The board of directors for the Honolulu rail authority unanimously elected former U.S. Rep. Colleen Hanabusa chairwoman of the board on Friday, marking the second time she has filled that role for the troubled transit project.
The HART board also was told that the rail authority is seeking a share of the new city hotel room tax of up to 3% that the Legislature authorized earlier this year. Honolulu Mayor Rick Blangiardi told the board Friday that “we have our eyes set on Ala Moana” as the end of the rail line.
Hanabusa is a politically connected Democrat who served as president of the Hawaii Senate and unsuccessfully ran for governor in 2018. She previously served as chairwoman of the Honolulu Authority for Rapid Transportation in 2016.
The HART chairwoman’s job is unpaid, but earlier this year members of the HART board tried to hire Hanabusa as a consultant under what would have been a contract worth nearly $1 million.
The board’s decision to elevate Hanabusa to the top leadership role on the HART board comes as the rail authority faces a budget shortfall of about $3.5 billion and is trying to develop a recovery plan that will allow the city to finally complete the 20-mile elevated train line from East Kapolei to Ala Moana Center.
HART has no way to raise the money it needs to complete the project on its own, and Hanabusa’s political connections in Washington, D.C., at Honolulu Hale and at the state Capitol are seen by some as critically important in that effort.
Lori Kahikina, interim executive director for HART, told board members that HART is in touch weekly with City Council Chairman Tommy Waters and Mayor Rick Blangiardi. The authority plans to develop a recovery plan for the rail project and submit it to the Federal Transit Administration sometime after the end of this year, she said.
Board member Kika Bukoski noted that the Legislature just authorized the city to levy its own 3% hotel room tax.
“I think a lot of people have been talking about this as a potential vehicle,” Bukoski said. “Do you see that being a part of what is submitted to the FTA, or would that come after?”
Kahikina replied that “yes, that is an opportunity. It’s not concrete yet. There’s still a lot of logistics that need to be done on the council side.”
She said the city needs to use some of the money from the new tax to cover its own costs, so “we’re not sure exactly what we’re going to get, but I think there’s some confidence that we can expect something.”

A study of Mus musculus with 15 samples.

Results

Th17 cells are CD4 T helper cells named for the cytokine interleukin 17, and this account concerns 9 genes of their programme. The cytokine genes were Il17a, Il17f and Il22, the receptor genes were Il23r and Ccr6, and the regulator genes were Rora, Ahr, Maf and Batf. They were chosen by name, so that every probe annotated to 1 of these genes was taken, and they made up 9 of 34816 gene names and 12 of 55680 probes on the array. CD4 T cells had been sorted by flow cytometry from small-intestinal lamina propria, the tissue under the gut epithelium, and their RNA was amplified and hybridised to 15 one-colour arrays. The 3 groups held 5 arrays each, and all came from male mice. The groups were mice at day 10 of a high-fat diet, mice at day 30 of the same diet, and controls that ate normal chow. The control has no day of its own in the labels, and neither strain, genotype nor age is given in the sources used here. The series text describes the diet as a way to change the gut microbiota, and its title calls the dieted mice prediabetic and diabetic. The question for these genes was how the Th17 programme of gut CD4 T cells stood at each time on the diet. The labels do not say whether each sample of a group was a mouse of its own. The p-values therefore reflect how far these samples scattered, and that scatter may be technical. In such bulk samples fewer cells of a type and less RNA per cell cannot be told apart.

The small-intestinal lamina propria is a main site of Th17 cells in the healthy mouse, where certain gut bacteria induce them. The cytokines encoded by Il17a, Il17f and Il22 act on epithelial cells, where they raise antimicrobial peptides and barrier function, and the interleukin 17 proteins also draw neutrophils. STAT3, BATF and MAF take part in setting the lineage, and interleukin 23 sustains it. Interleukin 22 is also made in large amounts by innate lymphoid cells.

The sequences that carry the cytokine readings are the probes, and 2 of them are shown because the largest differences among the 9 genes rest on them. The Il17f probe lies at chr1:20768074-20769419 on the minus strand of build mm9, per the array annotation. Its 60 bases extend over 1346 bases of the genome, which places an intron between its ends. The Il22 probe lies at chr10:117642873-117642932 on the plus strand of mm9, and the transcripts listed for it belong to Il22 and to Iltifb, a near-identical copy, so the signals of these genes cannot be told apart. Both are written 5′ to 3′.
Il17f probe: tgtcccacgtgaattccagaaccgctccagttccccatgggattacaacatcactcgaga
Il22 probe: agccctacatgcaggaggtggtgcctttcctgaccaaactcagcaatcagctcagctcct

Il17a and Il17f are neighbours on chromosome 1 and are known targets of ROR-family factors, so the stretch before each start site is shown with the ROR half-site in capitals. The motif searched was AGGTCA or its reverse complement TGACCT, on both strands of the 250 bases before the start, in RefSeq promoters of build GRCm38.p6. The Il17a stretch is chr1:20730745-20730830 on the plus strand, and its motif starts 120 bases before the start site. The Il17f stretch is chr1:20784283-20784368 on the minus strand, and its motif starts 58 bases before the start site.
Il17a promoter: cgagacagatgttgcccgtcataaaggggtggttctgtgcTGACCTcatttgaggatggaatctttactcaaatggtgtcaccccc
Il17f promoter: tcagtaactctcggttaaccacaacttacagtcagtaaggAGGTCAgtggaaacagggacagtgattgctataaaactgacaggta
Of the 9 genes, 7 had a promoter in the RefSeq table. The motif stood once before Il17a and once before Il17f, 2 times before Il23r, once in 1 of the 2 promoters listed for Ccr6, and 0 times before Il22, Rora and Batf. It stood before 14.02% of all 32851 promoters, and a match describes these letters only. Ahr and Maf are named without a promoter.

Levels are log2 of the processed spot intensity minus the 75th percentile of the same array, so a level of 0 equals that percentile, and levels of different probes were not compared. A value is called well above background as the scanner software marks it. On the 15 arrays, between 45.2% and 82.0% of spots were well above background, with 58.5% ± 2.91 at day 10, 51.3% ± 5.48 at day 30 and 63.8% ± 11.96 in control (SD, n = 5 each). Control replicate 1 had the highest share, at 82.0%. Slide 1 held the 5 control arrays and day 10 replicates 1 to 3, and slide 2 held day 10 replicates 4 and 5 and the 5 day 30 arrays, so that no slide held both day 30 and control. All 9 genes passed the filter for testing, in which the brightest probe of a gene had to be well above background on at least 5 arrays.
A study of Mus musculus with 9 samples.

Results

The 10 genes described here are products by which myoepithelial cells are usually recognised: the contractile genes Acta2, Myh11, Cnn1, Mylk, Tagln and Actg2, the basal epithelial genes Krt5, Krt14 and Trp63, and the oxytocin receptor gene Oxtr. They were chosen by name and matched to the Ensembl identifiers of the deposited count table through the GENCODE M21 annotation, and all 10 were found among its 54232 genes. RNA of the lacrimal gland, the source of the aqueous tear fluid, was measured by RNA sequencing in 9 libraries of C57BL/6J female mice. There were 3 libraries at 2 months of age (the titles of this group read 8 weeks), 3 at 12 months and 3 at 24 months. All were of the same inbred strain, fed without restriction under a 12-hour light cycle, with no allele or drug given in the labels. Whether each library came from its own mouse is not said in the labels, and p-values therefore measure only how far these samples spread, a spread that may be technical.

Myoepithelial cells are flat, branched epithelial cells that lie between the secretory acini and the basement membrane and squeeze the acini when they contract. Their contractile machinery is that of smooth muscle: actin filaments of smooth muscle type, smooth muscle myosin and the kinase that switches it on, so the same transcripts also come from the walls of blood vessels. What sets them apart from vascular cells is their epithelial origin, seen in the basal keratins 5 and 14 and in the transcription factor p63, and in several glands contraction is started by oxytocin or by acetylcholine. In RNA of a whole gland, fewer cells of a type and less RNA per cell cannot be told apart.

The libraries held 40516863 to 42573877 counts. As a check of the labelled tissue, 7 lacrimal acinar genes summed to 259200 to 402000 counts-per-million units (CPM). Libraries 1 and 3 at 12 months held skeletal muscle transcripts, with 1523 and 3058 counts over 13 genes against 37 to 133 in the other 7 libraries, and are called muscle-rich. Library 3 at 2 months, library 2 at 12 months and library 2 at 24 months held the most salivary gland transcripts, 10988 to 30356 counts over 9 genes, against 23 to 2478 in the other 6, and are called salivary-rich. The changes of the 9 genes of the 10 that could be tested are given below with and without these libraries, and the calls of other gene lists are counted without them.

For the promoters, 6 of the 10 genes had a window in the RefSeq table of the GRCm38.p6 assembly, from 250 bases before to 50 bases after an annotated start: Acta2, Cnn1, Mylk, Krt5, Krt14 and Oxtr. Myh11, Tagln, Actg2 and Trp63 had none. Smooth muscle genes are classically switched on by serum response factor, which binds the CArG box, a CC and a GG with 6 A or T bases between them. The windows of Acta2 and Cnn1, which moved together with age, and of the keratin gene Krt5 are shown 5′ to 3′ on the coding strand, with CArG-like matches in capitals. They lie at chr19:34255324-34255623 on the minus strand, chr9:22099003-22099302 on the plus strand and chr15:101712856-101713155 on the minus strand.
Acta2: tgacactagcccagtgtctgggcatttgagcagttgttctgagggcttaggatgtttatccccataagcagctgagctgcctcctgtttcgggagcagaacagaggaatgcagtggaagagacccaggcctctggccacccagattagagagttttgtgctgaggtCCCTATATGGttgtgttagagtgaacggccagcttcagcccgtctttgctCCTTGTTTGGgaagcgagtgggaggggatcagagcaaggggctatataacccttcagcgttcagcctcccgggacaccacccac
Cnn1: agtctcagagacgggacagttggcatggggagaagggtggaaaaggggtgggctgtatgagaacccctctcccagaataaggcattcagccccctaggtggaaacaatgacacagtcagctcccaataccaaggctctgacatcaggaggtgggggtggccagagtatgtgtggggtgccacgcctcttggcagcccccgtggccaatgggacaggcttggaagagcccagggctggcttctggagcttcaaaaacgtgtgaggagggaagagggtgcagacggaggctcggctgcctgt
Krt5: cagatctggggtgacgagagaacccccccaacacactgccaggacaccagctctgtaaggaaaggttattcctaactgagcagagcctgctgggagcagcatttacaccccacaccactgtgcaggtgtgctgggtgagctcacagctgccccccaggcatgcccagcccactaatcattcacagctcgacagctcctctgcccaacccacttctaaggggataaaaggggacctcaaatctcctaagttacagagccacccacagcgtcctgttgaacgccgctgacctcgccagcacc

“Right now it’s still in administration and (the) council chair, the ball is in their court right now to address that. So, once we get that information, that will roll up into our financial plan,” she said.
Kahikina also told the board a city bond issuance is about to close that would provide $425 million in borrowed money for HART. Of that sum, $275 million will be used to pay off short-term debt HART already incurred, and another $130 million will be available for HART to cover the cost of ongoing construction.
“This should carry us, (it’s) enough cash flow for the next year,” she told the board.
Blangiardi addressed the board publicly for the first time Friday but did not announce any specific plans for helping HART to cope with its financial crisis.
He said his administration walked into an “almost toxic” situation with the firing of former HART Executive Director Andy Robbins, the failure of a public-private partnership that was supposed to complete the last four miles of the rail project, a budget shortfall of $3.5 billion, and years of additional delays for rail.
Blangiardi said the FTA told him he needs to develop collaborative relationships with the council and the management of HART, and he has tried to do that.
“Recently we’ve had very good conversations with the FTA — I’m not allowed right now to go into any of that — but I’m feeling really good about where we are and what we’ve been able to say, and the plans that we’ve been developing.”
He said the city has “made up a lot of ground” in recent months.
“We’re really committed here. Lest anybody be confused about it, we’re very committed to this project, we’re very committed to building the most functional and best system we can, and we have our eyes set on Ala Moana.”